Bankruptcy is not a quick fix

DEAR BRUCE: My friend has been telling me how much trouble he is in financially. He has more credit card debt than he can handle and other debt that is in “write-off” status. He wants to file bankruptcy. He doesn’t seem to understand the long-lasting implications of this. I think he’s trying to take the easy way out.

He is 30 years old and makes about $28,000 a year. He has told me that among his debts, he is worried about a $10,000 student loan. Any thoughts? — Reader, via email

DEAR READER: I am missing some information here.

You say you think your friend is looking for an “easy” way out. I suppose that by some people’s definition, an easy way out is to declare bankruptcy. But in almost every case, that will not help him with the $10,000 student loan debt.

You didn’t indicate how much credit card debt there is, just more than he can handle, and you mentioned debt that is in “write-off” status. Just because debt is written off doesn’t mean the lender has given up trying to collect the money. This debt can be sold to another party at a discount, and the second party then will attempt to collect it.

If he truly has no money, he could consider Chapter 7, or absolute bankruptcy, which could be denied. It is not as easy as it once was to be granted bankruptcy. He might be eligible for Chapter 13, or reorganizational bankruptcy, which keeps the wolf from the door and allows him to make payments until all the creditors receive their money. As I previously mentioned, no matter which bankruptcy he might choose, almost all cases will not cover his student loan debt.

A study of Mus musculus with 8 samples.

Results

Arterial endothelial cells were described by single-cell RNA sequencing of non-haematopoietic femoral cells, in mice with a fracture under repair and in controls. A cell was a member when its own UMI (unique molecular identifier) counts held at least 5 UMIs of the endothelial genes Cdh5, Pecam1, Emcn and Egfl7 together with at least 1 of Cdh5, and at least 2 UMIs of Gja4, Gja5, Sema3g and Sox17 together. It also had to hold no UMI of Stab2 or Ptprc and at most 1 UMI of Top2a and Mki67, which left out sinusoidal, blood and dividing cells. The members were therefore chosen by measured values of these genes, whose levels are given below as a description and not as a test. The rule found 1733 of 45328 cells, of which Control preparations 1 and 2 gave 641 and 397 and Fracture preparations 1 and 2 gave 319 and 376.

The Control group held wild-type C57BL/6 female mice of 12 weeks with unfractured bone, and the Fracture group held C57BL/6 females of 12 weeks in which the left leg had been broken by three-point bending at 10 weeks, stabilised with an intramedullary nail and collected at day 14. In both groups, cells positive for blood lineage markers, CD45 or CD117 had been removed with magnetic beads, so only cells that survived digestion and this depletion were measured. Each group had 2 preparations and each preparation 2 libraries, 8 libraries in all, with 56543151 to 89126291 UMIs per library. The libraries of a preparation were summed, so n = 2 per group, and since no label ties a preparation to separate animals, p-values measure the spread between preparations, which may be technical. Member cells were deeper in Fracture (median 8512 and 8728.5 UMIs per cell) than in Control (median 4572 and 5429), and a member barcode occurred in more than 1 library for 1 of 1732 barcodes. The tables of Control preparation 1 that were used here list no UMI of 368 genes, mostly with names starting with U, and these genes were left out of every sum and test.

There has been some rumbling in this election year to allow students to discharge their obligations. To me, that is a terrible lesson to teach: that people who have borrowed money to further their education for their own personal interest can then stiff the lender that provided the money. This is a topic for another day.

DEAR BRUCE: My son, who is a sophomore in college, has a good chunk of money in savings. In fact, he has enough money saved to pay for the college that he’s attending, yet he has insisted on taking out student loans.

He and I argue about this all the time. I don’t want him to have this debt. He says there’s nothing wrong with borrowing the money and investing it, and that since there is no interest, whatever he earns is just gravy.

I think he is doing something illegal. Am I wrong? — Concerned Mother, via email

DEAR CONCERNED MOTHER: Your son is not the first to do what you describe. Is there anything improper here? That depends on whether he answered all questions truthfully in the loan documents he signed.

You say that whatever he earns is “gravy.” On the other hand, if he loses money on his investments, the gravy goes and he has to pay back this loan when the time comes from some other source.

The fact that your son has saved money says a good deal about him. If he is able to do this without any impropriety, and if he understands that investments don’t always rise in value, frankly, I have no problem with it. I actually admire his abilities and would probably encourage him.

Send questions to or to Smart Money, P.O. Box 7150, Hudson, FL 34674. Questions of general interest will be answered in future columns. Owing to the volume of mail, personal replies cannot be provided. The Bruce Williams Show can now be heard at on the Made in America Broadcast Network.